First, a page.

Animal People is a sharply observed 24-hour urban love story that follows Stephen Connolly – a character from Charlotte Wood’s bestselling novel The Children – through one of the worst days of his life.
Animal People Synopsis:
On this stiflingly hot December day, Stephen has decided it’s time to break up with his girlfriend Fiona. He’s 39, aimless and unfulfilled, but without a clue how to make his life better. All he has are his instincts – and they may be his downfall. As he makes his way through the pitiless city and the hours of a single day, Stephen must fend off his demanding family, endure another shift of his dead-end job at the zoo (and an excruciating workplace teambuilding event), face up to Fiona’s aggressive ex-husband and the hysteria of a children’s birthday party that goes terribly wrong.
As an ordinary day develops into an existential crisis, Stephen begins to understand – perhaps too late – that love is not a trap, and only he can free himself.
Winner: NSW Premier’s Literary Awards – People’s Choice Award 2013; Shortlisted: NSW Premier’s Literary Awards – Christina Stead Prize 2013 and Nita B. Kibble Award 2012; Longlisted: Miles Franklin Literary Award 2012
That wasn’t quite the case for me in respect to Charlotte Wood’s Animal People. Sure, I’d read rave reviews when this novel first came out but the idea of an aimless, unhappy, unfulfilled leading man did not press any buttons for me.
The acres of the day unrolled before him: all the different kinds of disappointment he would be, all the various arenas of his failure.
But then in 2015 I stumbled across a short story by Wood called Nanoparticles in my library’s online catalogue. It was a literary gem. I knew I had to read more from this author, and so that is how Animal People earned a spot on my wishlist.
Four years later, I have finally made time for this highly impactful little novel. The narrative contained spans a single day, and at only 280 pages can also be read in one. You’ll certainly want to read it in a single sitting if you have the luxury of doing so.
Animal People is the literary art form at close to its best. All its components are unassuming in isolation. Even its lead Stephen would prefer to be so… or at least his feelings of social anxiety lead him to think that way. Everything from his morning routine, his observations, actions and human interactions (when he cannot avoid them) at first seem so commonplace. And the prose itself so spare.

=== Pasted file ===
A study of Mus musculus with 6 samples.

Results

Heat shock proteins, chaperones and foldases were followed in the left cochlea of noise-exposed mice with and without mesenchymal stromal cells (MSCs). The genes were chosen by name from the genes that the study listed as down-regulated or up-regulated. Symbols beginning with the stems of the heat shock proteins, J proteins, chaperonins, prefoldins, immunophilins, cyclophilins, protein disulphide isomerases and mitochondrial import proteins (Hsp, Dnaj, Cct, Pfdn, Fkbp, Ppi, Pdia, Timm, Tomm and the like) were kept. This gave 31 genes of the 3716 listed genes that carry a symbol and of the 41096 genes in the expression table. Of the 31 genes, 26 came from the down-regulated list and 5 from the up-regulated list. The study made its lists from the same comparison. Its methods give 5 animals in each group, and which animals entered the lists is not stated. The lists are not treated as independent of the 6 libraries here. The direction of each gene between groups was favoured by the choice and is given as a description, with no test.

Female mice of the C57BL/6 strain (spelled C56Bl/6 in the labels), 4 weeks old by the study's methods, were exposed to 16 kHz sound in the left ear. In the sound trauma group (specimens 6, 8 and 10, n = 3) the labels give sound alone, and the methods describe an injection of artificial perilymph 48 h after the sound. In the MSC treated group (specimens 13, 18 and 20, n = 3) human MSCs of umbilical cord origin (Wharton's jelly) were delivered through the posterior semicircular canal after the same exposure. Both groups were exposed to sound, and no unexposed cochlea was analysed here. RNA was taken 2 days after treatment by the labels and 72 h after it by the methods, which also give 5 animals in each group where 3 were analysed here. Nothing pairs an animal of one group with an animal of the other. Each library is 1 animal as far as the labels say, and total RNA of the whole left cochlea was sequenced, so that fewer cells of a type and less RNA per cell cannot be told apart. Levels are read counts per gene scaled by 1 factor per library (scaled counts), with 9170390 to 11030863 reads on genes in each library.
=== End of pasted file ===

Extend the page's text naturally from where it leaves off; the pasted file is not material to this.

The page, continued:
Was he the only person to think a bravery medal for a dog was madness? The people at the ceremony clapped and looked tearfully moved. The newsreader did too. Only Stephen and the dog, it seemed, were baffled. Everyone else seemed to think it perfectly normal to lead donkeys and dogs onto battlefields and then pretend those chose it for themselves, fired by patriotic valour.
But with intelligent use of motif and recurring symbolism, Wood quietly develops her characters, thematic resonance and ultimately nailbiting suspense. On multiple occasions the tension is palpable, the reader themselves holding their breath along with Stephen, or hearing his pulse echoing in his ears…
Animal People is about animals and car crashes — literal and metaphorical, big and small. It is darkly comedic and confronting, with life lessons for us all. Poignancy with bite. Highly recommended.
BOOK RATING: The Story 4.5 / 5 ; The Writing 5 / 5 — Overall 4.75
UPDATE: We’ve also recently had the pleasure of reading Charlotte Wood’s latest novel The Weekend.
About the Author, Charlotte Wood
The Australian newspaper has described Charlotte Wood as ‘one of our most original and provocative writers’. She is the author of six novels and two books of non-fiction. Her bestselling novel, The Natural Way of Things, won the 2016 Stella Prize, the Indie Book of the Year and Indie Book Award for Fiction, was joint winner of the Prime Minister’s Literary Award for Fiction, and was published throughout Europe, the United Kingdom and North America.
Animal People, was released in late 2011 to critical acclaim and was long-listed for the Miles Franklin Literary Award. Her earlier novels, the bestseller The Children, The Submerged Cathedral and Pieces of a Girl were shortlisted for various prize including the Miles Franklin Award and regional Commonwealth Writers’ Prize. Her non-fiction books include The Writer’s Room, a collection of interviews with authors about the creative process, and Love & Hunger, a book about cooking. She lives in Sydney with her husband.